Slowing momentum in China curbed Australia’s economic growth to 0.5 percent in the three months to September and 3.1 percent from a year earlier, data showed yesterday.
The Australian Bureau of Statistics (ABS) said GDP grew a seasonally adjusted 0.5 percent in the quarter, in line with expectations, driven by the mining and manufacturing sectors.
That compared with growth of 0.6 percent in the three months to June and year-on-year growth of 3.7 percent last quarter, lending weight to the central bank’s decision to cut interest rates on Tuesday to stimulate the economy.
Australian Treasurer Wayne Swan hailed the “solid” data, saying it was more evidence of “the ongoing resilience of the Australian economy in the face of a difficult and volatile global environment”.
Mining contributed 0.4 percent to quarterly GDP growth, despite a plunge in commodity prices due to cooling in China’s economy that saw a 4 percent drop in Australia’s terms of trade — the value of its exports against its imports.
Spot prices for iron ore and coal waned by 10 to 20 percent in US dollar terms in the quarter, with the terms of trade sagging 13.7 percent in the year to September.
The ABS said the value of the mining sector expanded 4.5 percent in the quarter, driven by new oil and gas production coming online. Most other sectors were sluggish.
The Reserve Bank of Australia (RBA) slashed the official interest rate by 25 basis points to 3 percent on Tuesday — a level not seen since the height of the 2007 global crisis.
RBA Governor Glenn Stevens said mining investment would soon reach its peak, and other areas of the economy would need to pick up the slack as Australia looks to transition away from a resources-dominated economy.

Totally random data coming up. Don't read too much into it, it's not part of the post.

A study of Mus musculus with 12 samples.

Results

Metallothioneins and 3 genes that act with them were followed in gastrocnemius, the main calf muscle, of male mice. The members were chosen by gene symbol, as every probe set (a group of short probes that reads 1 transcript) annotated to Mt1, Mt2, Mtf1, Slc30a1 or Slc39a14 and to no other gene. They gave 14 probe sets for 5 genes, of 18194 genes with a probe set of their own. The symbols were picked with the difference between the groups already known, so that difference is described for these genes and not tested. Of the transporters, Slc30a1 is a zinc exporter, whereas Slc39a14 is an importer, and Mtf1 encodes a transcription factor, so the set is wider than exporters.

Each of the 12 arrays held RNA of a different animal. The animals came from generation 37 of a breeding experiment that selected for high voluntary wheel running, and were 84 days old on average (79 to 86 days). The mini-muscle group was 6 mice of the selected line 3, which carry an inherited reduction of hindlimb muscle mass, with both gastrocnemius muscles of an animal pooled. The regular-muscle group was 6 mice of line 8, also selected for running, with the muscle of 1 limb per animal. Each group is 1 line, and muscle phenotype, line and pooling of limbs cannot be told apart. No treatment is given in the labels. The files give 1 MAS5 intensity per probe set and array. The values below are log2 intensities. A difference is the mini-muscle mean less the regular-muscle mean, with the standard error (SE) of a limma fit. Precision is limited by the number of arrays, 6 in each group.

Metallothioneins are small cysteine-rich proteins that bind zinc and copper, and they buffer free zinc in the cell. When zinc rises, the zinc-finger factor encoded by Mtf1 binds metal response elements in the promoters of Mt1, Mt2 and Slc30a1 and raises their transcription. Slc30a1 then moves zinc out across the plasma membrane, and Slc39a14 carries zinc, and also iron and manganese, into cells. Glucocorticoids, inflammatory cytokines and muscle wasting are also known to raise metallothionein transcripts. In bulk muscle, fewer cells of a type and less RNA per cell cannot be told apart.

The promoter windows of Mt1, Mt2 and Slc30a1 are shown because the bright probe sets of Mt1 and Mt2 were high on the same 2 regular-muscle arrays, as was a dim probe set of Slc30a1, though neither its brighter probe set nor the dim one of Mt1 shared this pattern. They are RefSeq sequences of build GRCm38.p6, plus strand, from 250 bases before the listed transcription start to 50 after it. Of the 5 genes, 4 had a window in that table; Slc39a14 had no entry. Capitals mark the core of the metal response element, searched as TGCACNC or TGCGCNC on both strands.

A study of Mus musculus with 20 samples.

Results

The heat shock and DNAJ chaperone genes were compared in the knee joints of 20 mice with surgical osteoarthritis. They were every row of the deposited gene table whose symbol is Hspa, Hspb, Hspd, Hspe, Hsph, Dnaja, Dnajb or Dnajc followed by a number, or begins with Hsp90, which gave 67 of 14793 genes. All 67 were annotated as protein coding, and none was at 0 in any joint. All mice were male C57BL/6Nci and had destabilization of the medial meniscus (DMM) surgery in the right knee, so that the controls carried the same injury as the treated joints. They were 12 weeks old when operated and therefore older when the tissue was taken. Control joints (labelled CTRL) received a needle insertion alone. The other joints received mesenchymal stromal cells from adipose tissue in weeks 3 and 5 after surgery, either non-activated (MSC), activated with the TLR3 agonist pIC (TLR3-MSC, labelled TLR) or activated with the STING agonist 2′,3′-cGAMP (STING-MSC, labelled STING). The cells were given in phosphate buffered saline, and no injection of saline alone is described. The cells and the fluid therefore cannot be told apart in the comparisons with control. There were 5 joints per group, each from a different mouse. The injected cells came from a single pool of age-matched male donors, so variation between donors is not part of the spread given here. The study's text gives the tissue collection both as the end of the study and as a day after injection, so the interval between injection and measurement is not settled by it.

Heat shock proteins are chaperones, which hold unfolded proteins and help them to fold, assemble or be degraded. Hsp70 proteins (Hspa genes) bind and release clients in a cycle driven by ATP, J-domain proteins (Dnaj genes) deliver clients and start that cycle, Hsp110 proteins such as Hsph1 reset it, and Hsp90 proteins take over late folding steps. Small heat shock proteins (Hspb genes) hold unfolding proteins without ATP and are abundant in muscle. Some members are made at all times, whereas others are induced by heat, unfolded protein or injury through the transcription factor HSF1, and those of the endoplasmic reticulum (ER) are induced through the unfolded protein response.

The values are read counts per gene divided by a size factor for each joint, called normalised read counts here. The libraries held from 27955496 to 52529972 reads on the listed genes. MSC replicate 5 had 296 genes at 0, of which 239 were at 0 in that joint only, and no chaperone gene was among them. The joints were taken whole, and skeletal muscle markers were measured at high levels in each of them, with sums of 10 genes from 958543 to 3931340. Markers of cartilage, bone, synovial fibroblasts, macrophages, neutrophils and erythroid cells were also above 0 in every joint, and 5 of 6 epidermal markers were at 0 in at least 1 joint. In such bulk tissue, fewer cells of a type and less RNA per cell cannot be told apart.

Analysts have warned that further rate cuts may be needed as the government seeks to rein in spending to meet a targeted budget surplus next year.
“This is a fairly sluggish rate of growth, even with mining investment adding to growth, and before the major fiscal cutbacks begin to come through,” Macquarie economist Brian Redican said.
Swan remained upbeat, saying Australia was growing faster than other advanced economies and the expansion was “reasonably broad-based” despite a strong Aussie dollar hurting some industries and consumer confidence remaining muted.
He conceded that the commodities slowdown had “weighed on some investment decisions,” with a number of major miners shelving or delaying projects amid warnings from the RBA and others that the price boom had peaked.
However, he said resources firms were still committed to spend a record A$268 billion (US$280 billion) on projects in coming years, with A$109 billion slated in the year to June 30, 2013, up 33 percent on-year.